Around 51,500 of the poorest paid public sector workers – half within the education sector – will benefit from the allowance payment. For the past six months, Palestinian public sector workers have had to struggle on sporadic pay, or worse still, none at all apart from very basic allowances because of the Palestinian financial crisis.
Announcing the new funding, International Development Secretary Hilary Benn said:
”We are now a month into the Palestinian school term, yet many teachers and other public workers are struggling to make ends meet without pay. Thousands are on strike affecting education services for many of the 750,000 children in public schools.
”Basic services such as water, sanitation and electricity are an essential part of life but are unreliable and intermittent. Yet people need water to cook and proper sanitation to prevent disease, and electricity to power water supplies and keep hospital equipment running.
”The international community must step in. Today’s funding for allowances will help give temporary security for these workers and their families. We hope that this will contribute to the continuation of important services for the Palestinian people.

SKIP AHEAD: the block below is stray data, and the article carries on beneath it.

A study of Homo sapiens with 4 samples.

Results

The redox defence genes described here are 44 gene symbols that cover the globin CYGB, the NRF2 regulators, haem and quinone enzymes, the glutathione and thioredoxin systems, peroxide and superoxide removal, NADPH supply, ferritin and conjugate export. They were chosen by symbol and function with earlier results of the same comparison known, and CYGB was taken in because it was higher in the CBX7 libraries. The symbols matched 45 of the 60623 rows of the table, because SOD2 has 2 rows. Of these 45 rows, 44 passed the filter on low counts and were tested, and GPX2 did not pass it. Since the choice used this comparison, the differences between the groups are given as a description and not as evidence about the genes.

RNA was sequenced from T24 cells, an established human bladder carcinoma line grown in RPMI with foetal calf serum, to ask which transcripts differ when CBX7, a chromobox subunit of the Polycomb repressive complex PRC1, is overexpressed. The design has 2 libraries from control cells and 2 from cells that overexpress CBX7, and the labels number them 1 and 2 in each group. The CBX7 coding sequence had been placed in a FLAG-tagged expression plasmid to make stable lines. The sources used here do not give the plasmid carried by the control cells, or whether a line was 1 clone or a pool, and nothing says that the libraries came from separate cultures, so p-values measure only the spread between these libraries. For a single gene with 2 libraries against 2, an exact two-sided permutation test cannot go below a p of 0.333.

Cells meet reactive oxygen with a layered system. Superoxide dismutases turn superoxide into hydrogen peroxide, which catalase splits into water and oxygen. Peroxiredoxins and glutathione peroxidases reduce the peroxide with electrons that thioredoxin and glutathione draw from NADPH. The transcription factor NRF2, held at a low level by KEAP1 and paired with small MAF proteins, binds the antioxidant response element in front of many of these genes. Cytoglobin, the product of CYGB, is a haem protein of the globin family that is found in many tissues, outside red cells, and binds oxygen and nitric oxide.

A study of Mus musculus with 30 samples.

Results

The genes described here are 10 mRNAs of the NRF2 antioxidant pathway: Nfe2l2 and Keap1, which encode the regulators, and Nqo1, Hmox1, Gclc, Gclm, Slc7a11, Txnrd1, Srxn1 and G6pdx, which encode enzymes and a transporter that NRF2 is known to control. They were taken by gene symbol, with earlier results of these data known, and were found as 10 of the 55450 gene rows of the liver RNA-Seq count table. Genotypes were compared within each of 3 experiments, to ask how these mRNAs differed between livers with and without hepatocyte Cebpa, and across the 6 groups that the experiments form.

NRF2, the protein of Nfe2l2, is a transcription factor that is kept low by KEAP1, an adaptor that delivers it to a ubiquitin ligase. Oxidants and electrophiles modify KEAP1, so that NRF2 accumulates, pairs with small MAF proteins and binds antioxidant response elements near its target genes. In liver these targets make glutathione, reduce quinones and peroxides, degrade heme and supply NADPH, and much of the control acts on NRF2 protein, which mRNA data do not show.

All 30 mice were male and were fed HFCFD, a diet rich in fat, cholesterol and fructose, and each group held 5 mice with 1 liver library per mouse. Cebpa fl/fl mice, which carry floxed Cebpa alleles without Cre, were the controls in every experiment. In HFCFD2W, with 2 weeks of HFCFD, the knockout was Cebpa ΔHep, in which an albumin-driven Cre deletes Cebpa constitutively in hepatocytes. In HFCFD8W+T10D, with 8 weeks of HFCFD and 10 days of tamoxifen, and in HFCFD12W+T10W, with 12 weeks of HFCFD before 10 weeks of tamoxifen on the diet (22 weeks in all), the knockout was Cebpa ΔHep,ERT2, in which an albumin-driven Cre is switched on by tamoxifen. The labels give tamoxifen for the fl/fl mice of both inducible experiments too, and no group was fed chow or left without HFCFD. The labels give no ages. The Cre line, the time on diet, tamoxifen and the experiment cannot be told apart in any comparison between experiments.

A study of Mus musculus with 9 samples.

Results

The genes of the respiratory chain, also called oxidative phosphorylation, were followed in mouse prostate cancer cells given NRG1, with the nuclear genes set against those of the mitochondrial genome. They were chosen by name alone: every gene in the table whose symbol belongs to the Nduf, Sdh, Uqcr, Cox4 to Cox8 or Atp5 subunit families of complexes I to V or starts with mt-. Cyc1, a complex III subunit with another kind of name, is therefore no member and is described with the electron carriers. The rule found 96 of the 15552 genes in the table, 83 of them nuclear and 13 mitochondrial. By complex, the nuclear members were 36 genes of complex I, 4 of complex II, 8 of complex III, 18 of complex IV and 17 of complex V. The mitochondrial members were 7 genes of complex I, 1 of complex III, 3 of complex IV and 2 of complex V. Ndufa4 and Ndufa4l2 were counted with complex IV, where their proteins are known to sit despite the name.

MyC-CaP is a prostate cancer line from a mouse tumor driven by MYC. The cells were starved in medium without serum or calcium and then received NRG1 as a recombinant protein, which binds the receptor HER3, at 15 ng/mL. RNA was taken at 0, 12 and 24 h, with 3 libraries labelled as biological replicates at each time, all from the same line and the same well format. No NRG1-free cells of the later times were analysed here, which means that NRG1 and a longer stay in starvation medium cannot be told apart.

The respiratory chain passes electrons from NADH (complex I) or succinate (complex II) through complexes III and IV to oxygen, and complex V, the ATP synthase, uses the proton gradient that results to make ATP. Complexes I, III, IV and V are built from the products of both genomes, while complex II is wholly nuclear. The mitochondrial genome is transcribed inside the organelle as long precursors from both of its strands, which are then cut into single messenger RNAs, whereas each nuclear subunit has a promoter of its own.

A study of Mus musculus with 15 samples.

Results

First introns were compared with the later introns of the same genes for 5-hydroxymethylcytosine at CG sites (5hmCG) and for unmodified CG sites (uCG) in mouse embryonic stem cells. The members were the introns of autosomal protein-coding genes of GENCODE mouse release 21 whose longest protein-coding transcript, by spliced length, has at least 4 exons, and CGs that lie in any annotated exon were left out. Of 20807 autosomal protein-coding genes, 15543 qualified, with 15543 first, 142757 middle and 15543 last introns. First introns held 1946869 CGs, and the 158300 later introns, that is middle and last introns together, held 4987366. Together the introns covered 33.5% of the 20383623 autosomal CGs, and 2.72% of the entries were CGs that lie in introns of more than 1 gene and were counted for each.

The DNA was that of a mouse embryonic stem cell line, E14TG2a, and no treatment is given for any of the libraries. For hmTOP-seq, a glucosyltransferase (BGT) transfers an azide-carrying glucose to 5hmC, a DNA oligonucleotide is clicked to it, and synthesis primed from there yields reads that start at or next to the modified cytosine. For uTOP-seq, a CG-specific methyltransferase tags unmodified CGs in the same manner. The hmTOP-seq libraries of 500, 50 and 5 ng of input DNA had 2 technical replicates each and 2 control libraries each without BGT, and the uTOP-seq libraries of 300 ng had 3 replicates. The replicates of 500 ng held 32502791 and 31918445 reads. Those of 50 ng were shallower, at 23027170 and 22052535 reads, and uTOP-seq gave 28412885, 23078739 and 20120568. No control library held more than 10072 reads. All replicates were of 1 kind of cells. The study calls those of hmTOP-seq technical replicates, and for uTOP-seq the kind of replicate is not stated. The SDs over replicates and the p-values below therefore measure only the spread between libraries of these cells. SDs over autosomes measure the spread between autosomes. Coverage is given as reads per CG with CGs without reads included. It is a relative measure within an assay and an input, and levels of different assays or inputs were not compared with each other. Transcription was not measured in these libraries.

”But while aid will make a vital difference to people’s livelihoods, as long as the violence continues, so will the suffering. The latest increase in conflict between Fatah and Hamas is of grave concern. We need a long term two-state solution for Israel and the Palestinian people, which we continue to work towards.”
The UK also committed a further £3m towards water, sanitation and electricity services, following a pledge at the Stockholm conference in August, which brings the UK’s total commitment to the Temporary International Mechanism (TIM) to £9m. This mechanism ensures that aid goes directly to the Palestinian people rather than the Hamas-led government.